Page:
A council proposal to cut the cost of opening and operating a brothel while raising the cost of other council charges will no doubt spark a backlash from some quarters.
Yesterday, the Bay of Plenty Times reported the cost of funerals may rise and children could be charged to camp at McLaren Falls but the cost of a new brothel consent application would drop from $930 to just $210. The cost of three-yearly licence renewals would also drop.
I was surprised the council was considering such a cut given the recent discussions about the council's debt levels and the various avenues it is exploring to balance its books.
It also seemed like the council was courting controversy by giving brothel owners, an industry frowned upon in some corners, a break while charging funeral directors more.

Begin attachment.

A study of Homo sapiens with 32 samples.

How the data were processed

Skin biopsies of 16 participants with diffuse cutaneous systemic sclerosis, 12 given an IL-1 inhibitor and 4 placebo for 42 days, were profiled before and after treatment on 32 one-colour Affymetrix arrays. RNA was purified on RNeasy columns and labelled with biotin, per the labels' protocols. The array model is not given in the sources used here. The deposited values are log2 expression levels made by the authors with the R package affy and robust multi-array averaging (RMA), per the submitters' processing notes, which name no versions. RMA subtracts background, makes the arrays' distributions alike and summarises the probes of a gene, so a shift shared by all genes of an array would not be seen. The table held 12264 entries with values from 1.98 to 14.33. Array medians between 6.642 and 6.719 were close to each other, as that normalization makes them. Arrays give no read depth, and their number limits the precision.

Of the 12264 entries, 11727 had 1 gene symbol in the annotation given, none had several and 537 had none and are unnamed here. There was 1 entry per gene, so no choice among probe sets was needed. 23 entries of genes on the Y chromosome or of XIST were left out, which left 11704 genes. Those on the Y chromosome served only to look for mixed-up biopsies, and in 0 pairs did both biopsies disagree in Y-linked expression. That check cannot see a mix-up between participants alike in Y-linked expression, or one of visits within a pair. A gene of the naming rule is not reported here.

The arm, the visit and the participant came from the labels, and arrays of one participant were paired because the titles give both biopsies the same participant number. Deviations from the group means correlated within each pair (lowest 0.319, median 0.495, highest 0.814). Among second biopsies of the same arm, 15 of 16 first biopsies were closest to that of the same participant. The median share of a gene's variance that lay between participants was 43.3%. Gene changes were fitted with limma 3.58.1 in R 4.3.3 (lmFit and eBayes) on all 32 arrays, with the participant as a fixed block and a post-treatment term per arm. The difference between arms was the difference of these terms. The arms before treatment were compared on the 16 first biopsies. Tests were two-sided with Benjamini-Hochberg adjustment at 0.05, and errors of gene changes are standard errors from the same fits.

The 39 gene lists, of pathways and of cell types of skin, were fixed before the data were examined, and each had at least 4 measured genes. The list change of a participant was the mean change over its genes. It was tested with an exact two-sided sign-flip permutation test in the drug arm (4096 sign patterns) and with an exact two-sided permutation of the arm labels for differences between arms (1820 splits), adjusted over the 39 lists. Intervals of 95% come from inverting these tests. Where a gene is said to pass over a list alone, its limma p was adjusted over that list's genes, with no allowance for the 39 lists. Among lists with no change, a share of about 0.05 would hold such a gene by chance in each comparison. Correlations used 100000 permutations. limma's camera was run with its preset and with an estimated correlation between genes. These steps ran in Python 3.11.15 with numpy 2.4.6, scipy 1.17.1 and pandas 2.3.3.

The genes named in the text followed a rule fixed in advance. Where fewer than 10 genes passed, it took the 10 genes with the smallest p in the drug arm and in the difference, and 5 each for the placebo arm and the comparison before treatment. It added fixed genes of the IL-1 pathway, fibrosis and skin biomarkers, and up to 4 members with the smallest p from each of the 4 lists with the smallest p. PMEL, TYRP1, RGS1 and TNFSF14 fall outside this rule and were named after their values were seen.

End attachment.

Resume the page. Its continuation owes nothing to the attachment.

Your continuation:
Mount Maunganui Presbyterian minister Ray Coster says the council needs to move beyond the simple user-pays model and take into account ethical considerations.
Councillors have a duty to reflect the views of the community in their decisions, he says.
There will be many who agree with Mr Coster as a matter of principle or of faith.
In terms of the law, however, the Prostitution Reform Act 2003 legalised and regulated the sex trade which means brothels, as long as they comply with the rules, are legitimate businesses.
This is about fairness. The cost of monitoring brothels has reduced thanks to a high degree of co-operation from the prostitution sector. Under the proposed changes the city's sex industry would get credit for that.
Mr Crosby said proposed increases affecting other industries were in line with the Consumer Price Index.
The council has to be dispassionate when it comes to charges otherwise it could be accused of bias.
It deserves credit for taking a balanced view of its charges with one notable exception. It would, in my view, be mean-spirited to start charging children under-16 to camp at McLaren Falls.